We have published a few papers [1, 2,
3] and a book
on the evolution of real GDP per capita. The message is very simple – economies
grow with a constant step, not a constant rate. Therefore, the rate of economic
growth is inversely proportional to the attained level of GDP per capita. Three
figures below just update our previous results obtained for the USA using new
estimates for the past three years. How dare economists confuse people and
authorities with fairy tales that the rate of economic growth will return to
that observed in the 1960s. The average rate of 3% per year will never happen again,
short term excursions are possible, although. In the long run, the rate of
growth will fall from the current 1.6% to 1% per year in 2035.

Fig. 1. Evolution of annual increment of GDP per capita,
i.e. the difference of the current GDP per capita and that one year ago.

Fig. 2. Annual increment of the GDP per capita as a function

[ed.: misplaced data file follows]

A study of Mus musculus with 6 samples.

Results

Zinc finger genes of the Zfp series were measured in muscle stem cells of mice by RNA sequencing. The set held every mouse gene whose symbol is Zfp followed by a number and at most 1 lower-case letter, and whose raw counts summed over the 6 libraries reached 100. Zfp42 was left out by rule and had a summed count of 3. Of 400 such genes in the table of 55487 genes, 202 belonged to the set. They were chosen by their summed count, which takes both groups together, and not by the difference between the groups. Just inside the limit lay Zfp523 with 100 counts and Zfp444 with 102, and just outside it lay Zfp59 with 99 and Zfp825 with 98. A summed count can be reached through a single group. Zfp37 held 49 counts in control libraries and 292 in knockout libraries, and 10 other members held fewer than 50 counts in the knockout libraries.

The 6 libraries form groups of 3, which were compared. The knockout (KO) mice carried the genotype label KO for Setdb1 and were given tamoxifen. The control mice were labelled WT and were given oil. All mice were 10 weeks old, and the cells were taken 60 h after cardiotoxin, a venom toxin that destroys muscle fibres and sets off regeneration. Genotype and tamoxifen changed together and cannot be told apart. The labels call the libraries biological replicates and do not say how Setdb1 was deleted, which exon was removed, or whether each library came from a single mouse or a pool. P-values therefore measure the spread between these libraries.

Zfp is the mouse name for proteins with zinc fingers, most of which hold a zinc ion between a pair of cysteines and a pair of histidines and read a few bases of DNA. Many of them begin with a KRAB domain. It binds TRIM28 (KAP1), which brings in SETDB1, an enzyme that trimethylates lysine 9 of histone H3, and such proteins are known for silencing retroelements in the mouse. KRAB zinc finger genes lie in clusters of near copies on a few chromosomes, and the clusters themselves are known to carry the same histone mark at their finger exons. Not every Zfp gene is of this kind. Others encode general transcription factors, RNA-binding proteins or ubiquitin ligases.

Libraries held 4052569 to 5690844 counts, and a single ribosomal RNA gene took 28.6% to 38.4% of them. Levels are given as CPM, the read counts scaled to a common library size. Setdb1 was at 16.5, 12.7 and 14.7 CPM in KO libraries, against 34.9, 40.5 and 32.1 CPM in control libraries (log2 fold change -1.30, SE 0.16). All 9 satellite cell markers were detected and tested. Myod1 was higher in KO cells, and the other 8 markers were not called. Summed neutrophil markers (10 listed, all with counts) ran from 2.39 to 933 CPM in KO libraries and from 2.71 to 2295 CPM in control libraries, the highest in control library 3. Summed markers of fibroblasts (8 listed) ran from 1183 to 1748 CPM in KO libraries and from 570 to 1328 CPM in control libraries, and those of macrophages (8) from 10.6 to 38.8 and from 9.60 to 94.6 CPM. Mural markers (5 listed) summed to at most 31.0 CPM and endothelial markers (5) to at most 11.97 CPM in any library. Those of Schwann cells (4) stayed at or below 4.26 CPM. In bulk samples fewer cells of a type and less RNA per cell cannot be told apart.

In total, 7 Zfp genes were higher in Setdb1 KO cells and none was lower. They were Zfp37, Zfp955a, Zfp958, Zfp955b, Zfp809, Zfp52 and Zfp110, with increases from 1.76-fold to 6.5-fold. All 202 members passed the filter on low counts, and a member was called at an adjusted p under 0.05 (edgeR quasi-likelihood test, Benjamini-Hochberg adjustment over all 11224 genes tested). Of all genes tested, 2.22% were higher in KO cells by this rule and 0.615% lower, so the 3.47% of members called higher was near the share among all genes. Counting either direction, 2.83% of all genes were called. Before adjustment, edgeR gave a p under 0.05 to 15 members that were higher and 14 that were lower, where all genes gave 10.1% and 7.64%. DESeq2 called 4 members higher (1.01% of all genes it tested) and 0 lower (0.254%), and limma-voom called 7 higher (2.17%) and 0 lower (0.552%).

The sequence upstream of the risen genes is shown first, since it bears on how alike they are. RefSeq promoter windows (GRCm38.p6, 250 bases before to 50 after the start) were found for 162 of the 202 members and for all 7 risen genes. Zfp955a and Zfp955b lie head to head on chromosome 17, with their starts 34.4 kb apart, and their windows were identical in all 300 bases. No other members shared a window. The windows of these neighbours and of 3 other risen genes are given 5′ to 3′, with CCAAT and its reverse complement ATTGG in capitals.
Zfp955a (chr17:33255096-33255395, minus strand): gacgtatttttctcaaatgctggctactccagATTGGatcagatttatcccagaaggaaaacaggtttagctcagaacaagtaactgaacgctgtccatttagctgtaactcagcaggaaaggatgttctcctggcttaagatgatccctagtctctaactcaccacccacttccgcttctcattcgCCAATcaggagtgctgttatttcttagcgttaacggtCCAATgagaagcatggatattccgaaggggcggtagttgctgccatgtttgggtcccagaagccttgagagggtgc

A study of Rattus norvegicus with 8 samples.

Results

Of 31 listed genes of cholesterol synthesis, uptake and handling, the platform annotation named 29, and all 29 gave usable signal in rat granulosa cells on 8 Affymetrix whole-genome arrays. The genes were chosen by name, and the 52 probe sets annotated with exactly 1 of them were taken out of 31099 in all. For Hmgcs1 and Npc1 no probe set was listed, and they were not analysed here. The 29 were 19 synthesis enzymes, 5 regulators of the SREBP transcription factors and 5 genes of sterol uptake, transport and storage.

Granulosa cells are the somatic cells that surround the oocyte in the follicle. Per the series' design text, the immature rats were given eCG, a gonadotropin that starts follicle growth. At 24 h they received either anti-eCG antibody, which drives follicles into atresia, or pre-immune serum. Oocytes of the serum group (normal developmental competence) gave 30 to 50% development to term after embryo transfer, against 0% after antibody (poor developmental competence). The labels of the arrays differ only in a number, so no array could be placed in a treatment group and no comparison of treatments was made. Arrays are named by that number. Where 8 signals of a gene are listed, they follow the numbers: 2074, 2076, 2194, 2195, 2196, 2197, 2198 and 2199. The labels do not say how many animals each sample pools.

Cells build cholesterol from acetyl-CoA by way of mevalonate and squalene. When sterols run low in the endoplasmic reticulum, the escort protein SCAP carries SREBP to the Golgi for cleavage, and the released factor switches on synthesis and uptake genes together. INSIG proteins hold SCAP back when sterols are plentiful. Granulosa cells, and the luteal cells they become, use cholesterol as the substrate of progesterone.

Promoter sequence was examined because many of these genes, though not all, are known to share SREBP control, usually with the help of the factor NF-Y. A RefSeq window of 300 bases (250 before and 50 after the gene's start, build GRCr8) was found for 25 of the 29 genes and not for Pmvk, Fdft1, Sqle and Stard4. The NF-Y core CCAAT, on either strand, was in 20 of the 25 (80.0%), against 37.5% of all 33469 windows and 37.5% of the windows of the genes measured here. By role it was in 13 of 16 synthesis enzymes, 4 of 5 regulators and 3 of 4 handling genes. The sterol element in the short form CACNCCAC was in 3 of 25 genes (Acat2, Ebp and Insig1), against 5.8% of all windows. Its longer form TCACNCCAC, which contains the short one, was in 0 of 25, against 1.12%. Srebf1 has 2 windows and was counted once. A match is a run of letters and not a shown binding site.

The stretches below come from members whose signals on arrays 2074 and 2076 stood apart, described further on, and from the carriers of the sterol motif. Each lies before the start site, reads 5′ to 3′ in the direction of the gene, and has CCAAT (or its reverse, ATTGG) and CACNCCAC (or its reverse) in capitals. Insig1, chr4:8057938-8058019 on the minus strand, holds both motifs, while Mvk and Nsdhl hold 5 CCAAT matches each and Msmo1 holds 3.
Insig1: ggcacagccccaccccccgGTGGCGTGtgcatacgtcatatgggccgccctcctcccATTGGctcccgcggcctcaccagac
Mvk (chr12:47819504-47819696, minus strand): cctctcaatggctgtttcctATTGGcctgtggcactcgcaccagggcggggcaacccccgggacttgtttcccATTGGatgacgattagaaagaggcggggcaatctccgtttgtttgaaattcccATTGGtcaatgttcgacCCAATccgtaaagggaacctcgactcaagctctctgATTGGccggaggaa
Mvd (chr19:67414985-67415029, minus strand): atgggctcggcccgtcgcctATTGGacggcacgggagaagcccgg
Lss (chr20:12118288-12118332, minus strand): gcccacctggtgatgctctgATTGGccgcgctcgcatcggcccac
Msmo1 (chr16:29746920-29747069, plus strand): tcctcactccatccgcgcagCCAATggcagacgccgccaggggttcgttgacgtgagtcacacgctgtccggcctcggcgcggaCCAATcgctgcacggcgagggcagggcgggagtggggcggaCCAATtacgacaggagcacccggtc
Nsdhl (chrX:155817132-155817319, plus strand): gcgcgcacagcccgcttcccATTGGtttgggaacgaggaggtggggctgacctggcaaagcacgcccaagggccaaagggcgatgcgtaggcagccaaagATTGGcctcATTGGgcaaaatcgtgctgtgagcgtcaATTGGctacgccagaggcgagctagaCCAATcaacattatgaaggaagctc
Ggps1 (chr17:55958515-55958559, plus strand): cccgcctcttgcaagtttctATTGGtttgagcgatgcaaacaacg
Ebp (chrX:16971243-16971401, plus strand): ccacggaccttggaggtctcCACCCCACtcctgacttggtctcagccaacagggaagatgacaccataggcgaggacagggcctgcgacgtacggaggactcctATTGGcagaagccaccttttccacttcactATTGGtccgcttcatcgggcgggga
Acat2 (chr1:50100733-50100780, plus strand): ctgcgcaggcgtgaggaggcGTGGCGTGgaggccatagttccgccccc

of real GDP per capita.

Fig. 3. The rate of growth of the real GDP per capita.
Currently, it is about 1.6% per year and will be above 1% another 20 years.

It looks like you have wrong sequence of points at the first picture.

ReplyDeleteI mean, there should not be any lines drawn back in time.

Please notice that during recessions GDP falls and graph goes back. the curve is all right.

DeleteSorry, figures 1 and 2 should be swapped. Mea culpa

DeleteOh!.. So I completely misunderstand what is axis X at fig. 1? Total GDP?

Delete=) It's just because it is a little bit unusual charting method...

Essentially, this is our basic idea that the growth rate depends only on the level of GDP per capita.

DeleteEconomy grows linearly, not exponentially. Then the trend in annual increment has to be constant. For many countries it is negative, however. Our plots are best to illustrate such behaviour.